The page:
Apparently, the main difference between PLE and LMS is the centrality of the LMS.
Take the forums, for example, the classical component. You only need one start address and can follow all discussions, in contrast to the blogs where you need to rely on your own selections or other readers’ recommendations. Such a central place quite naturally attracts writers who can expect more readers or more attention, just as the classical Roman forum (marketplace) attracted bargainers. And the forum is convenient for the buyers (readers), too.
This does not mean that everybody loves them. Such central structures just exert centripetal forces in a natural way, like downhill grade drift. I, too, find myself posting there sometimes, instead of blogging, although I don’t like them. Like in a real-life marketplace, or bazaar, its crowdedness and noise and bustle and speed, is not for me. John, Roy, and Jenny wrote a paper “Blogs and Forums as Communication and Learning Tools in a MOOC” about this choice of preference (and I had the pleasure to participate in their early discussions). While blogs (and PLEs) are like front porches, a forum (and an LMS) is, in some way, like a marketplace.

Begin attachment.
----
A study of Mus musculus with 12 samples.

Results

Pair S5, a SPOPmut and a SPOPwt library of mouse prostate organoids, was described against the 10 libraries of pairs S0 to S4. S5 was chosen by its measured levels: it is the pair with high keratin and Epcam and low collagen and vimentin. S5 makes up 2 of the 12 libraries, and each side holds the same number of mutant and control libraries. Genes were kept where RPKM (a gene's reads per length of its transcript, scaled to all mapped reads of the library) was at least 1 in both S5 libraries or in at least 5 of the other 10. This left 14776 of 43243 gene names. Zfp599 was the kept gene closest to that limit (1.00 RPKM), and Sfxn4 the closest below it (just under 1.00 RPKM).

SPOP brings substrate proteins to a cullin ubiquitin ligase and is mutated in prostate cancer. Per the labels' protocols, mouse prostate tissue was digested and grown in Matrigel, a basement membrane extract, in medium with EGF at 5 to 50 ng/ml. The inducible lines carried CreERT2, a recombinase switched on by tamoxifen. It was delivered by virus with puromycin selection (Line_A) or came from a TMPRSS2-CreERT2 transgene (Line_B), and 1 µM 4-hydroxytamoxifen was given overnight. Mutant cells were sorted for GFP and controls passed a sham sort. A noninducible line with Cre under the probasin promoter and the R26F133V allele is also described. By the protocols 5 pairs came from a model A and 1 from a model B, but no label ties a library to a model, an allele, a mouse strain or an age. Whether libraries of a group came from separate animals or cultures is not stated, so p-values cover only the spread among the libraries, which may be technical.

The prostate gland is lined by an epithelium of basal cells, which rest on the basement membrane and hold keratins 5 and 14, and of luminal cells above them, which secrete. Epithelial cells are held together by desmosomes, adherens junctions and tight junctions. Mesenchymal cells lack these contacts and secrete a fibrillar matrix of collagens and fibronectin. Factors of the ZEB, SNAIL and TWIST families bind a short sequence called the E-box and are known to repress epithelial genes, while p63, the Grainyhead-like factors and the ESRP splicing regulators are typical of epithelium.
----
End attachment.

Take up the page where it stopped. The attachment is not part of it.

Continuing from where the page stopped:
But a typical LMS shows more than forums-like centrality. It is often a centralistic mindset that reigns here, which embraces a central source of uniform prescriptions, regulations and predeterminations. In the LMS I was recently, the LMS even controlled how single forums postings could be opened in a new windows: only using a predefined button, and the “Back” button was disabled.
Comparing this centralism to the above metaphors, the cathedral lends itself to represent this.
Advocates of such centralistically controlled environments seem to have a strong faith about the superiority of their way of doing it, or maybe don’t even question their preference.
So the choice between PLE and centralistic LMS is also a matter of preference and mindset, just as well as the choice between blogs and central forums. But while the forums choice depends on the styles of the students, the LMS usage is often influenced by an unaware preference of the teacher.